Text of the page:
Two Dog Behavior Issues and Solutions


Constant Barking

Excessive dog barking is one of the most common problems that frustrustrates dog owners. However, since barking can serve so many different purposes, it must be diagnosed by its function. Alarm barking, for instance, will cause your dog to bark at every single noise and sight, regardless of where you are. This type of barking is often combined with stiffer body language than a dog who is just barking to greet a newcomer. Other dogs bark to get attention, and if it works, they will continue doing so until taught otherwise.

You can try to resolve this type of barking by teaching your dog a routine. Let him bark three or four times, then calmly say “Quiet.” After you clearly say the command, gentle hold your dog’s muzzle closed with your hand a repeat “Quiet.” Release his muzzle, step back, and call him away from the window or door. If your dog can continue to sit, give him a treat. If he stays beside you and remains quiet for the next few minutes, continue to give him small treats. Repeat the sequence as needed. It might take 20 times for your dog to learn.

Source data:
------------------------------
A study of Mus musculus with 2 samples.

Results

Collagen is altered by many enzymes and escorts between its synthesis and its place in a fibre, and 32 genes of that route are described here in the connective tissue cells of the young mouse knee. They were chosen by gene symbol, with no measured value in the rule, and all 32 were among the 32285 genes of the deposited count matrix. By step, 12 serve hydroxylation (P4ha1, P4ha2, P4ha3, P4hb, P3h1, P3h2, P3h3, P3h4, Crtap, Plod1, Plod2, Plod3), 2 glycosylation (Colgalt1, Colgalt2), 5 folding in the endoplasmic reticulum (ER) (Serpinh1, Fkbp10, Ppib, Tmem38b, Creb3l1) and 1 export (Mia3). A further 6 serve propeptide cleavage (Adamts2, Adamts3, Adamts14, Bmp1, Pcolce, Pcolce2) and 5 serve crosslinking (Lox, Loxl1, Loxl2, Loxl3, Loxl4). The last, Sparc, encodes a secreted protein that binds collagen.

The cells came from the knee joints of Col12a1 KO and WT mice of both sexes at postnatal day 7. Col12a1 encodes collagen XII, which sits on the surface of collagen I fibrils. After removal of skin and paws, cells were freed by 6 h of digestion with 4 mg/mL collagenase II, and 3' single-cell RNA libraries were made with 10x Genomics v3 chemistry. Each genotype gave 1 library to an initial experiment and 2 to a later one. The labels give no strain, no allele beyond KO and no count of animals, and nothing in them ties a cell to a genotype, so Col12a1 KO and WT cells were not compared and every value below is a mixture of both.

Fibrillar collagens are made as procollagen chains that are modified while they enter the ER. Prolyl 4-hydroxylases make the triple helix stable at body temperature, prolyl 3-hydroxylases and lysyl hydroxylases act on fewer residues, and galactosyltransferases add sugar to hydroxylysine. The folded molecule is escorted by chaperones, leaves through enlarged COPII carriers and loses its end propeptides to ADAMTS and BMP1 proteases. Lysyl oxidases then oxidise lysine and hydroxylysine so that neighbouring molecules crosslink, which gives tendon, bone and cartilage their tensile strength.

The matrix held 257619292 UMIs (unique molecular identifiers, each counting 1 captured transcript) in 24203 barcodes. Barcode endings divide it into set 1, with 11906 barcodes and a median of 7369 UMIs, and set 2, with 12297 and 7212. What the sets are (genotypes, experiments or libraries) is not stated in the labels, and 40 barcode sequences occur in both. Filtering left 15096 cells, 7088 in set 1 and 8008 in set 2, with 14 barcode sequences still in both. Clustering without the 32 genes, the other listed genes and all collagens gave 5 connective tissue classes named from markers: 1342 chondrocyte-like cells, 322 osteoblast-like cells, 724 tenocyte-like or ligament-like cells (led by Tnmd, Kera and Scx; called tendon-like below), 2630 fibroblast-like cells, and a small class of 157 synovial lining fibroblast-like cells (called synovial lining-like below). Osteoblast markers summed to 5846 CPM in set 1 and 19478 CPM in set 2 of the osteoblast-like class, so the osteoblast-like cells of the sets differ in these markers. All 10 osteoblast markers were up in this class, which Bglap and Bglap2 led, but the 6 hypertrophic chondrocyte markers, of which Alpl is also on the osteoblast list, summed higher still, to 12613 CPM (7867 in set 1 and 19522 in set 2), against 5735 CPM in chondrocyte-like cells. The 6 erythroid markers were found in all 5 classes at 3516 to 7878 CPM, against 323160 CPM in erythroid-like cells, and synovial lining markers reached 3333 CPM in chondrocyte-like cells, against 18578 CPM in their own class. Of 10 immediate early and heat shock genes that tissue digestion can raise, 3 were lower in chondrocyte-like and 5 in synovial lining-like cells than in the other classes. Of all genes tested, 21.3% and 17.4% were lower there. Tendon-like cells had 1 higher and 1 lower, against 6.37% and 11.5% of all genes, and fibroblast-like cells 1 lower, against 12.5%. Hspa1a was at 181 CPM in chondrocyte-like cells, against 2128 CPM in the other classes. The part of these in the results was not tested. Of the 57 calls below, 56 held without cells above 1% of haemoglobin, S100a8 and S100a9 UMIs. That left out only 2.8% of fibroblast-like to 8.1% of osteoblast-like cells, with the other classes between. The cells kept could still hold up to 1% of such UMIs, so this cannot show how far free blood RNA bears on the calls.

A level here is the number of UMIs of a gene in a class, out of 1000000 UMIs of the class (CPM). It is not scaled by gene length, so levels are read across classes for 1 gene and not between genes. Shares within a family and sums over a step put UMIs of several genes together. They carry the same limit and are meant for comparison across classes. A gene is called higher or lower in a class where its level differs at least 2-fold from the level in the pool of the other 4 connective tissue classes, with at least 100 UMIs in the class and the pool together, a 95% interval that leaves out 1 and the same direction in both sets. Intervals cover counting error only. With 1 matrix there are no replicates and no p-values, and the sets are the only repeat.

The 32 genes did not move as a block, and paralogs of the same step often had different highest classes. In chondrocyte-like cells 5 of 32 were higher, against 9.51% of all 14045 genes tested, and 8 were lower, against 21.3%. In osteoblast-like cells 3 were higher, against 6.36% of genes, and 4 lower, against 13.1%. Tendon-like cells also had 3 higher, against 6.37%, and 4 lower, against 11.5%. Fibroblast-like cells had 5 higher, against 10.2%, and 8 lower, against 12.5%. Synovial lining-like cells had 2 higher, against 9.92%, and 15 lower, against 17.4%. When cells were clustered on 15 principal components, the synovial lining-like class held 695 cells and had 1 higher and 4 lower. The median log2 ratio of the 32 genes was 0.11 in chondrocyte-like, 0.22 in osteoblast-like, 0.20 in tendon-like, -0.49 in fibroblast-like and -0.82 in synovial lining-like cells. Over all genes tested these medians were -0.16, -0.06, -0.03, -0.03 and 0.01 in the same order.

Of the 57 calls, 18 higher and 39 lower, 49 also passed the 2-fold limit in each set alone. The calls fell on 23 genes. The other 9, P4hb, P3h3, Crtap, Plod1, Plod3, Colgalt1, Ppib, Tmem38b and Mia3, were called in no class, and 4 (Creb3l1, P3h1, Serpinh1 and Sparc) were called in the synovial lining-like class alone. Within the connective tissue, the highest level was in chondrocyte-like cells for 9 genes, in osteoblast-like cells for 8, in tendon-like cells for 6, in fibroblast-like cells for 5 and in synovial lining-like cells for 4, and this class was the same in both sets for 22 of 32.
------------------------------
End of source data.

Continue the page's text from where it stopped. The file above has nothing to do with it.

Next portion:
Destructive Chewing

You turn your back for one minute, only to find that your favorite pair of shoes have become puppy chow. It’s infuriating, but not impossible to prevent. If your dog is chewing destructively around your house, there is a reason, and identifying the reason will help you change the behavior. For young dogs, chewing relieves pain of incoming teeth, while older dogs use chewing to keep their jaws strong and teeth clean. The behavior even helps boredom and anxiety.

The simplest solution is to “dog-proof” your house and provide your pup with plenty of his own toys to fulfill his chewing impulses. Rotate the toys every few days to prevent boredom. You can also use special sprays to make household items like shoes and furniture less appealing. Any time that your dog tries to chew something he shouldn’t, calmly say “Uh-Oh”, replace it with something he can chew, and praise him for accepting the switch.

If all else fails, ask your vet for professional help and training to teach your dog appropriate behavior.